In 2010, e-commerce players like Olx India and eBay managed to bring mobile commerce into India with various apps. 2013 then became one of the most crucial years for the mobile commerce scene in the country with increasing smartphone phone penetration rates and cheap data plans.
E27 takes a look at how m-commerce shaped up in 2013 and what consumers and investors can expect in the space in the New Year.
The buzzing m-commerce space
The m-commerce space in India has been buzzing with action from the very beginning on 2013. The year witnessed e-commerce players such as Amazon, Flipkart, Homeshop18 and Yatra launching mobile apps to keep up with the increasing traction coming in from mobile devices.
“One of the most important trends was the mobile traffic coming from non-metro cities to e-commerce websites,” said Nikhil Rungta, Chief Business Offier, Yebhi.com. “Online shoppers from tier II and II cities shop enthusiastically through their mobile phones. Since the mobile customer base of the country is large and well established, the low internet connectivity can be overcome by use of mobile internet.”
According to a recent report by IAMAI (Internet and Mobile Association of India) the number of mobile internet users in October 2013 was 110 billion, out of which 25 million users were from rural India.
Rungta shared that Yebhi received 15 to 20 percent of traffic from mobile devices, and this converted to more than two percent contribution in sales. Yebhi also expects m-commerce to contribute to over 35 percent of traffic and more than 25 percent of revenues in 2014.
Along with deeper internet penetration, lack of brand outlets is one of the major reasons for increasing traction from rural areas.
“Keeping in line with this growing trend, we at Yatra.com launched our mobile apps this year and around 12-15 per cent of our transaction volumes came in from this segment,” said Sharat Dhall, President, Yatra.com.
Dhall shared that user friendly mobile platforms will be best positioned to garner maximum market share. If players manage to create efficient mobile security for their applications and WAP sites, m-commerce will witness exponential growth. Yatra expects 30 percent of its bookings to come from their mobile application in 2014.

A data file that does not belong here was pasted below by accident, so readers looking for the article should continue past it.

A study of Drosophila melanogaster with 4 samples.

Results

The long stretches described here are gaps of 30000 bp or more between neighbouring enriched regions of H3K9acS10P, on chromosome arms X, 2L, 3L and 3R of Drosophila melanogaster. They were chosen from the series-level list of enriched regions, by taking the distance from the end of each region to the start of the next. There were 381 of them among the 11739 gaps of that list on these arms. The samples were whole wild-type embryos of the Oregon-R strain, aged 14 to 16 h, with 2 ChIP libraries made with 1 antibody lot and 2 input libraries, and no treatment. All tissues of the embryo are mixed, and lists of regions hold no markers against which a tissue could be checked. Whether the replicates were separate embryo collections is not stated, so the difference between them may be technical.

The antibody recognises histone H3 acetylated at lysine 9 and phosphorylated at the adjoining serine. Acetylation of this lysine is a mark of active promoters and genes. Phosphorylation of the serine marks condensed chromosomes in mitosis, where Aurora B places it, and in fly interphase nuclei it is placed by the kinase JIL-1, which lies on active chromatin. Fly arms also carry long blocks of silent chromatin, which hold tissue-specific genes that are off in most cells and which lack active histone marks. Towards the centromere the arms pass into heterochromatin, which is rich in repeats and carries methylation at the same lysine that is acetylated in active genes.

While m-commerce has been flourishing, only existing e-commerce players have been seen creating mobile presence. Dedicated m-commerce apps or websites are yet to make their way to India. However, with the increasing amount of time spent on mobile devices m-commerce is bound to witness a northward trend.
To make 2014 even more conducive for the growth of m-commerce, here are a few tips that would help existing and future m-commerce players.
Go beyond typical m-commerce: Just making the products available online and creating payment options will not give consumers the needed boost. Players need to attract consumers with added features such as product scanning, integration with social networks and access to consumer generated product reviews.
Targeted approach: Mobile presence gives access to a huge amount of data that can work wonders. For instance, when a consumer uses the mobile platform, players can keep a track of their choices and wishes and offer them relevant products.
Overcome the language barrier: Smart phones now come under the affordability bracket and thus have users across age groups. To make sure that they are not missing out on potential consumers, m-commerce players need to have alternate language interface in which users can operate.
Go beyond the boundaries: M-commerce in India is still in its growing space and thus has a lot of opportunities. Players need to get out of their comfort zone and tap niches so as to become leaders in the space.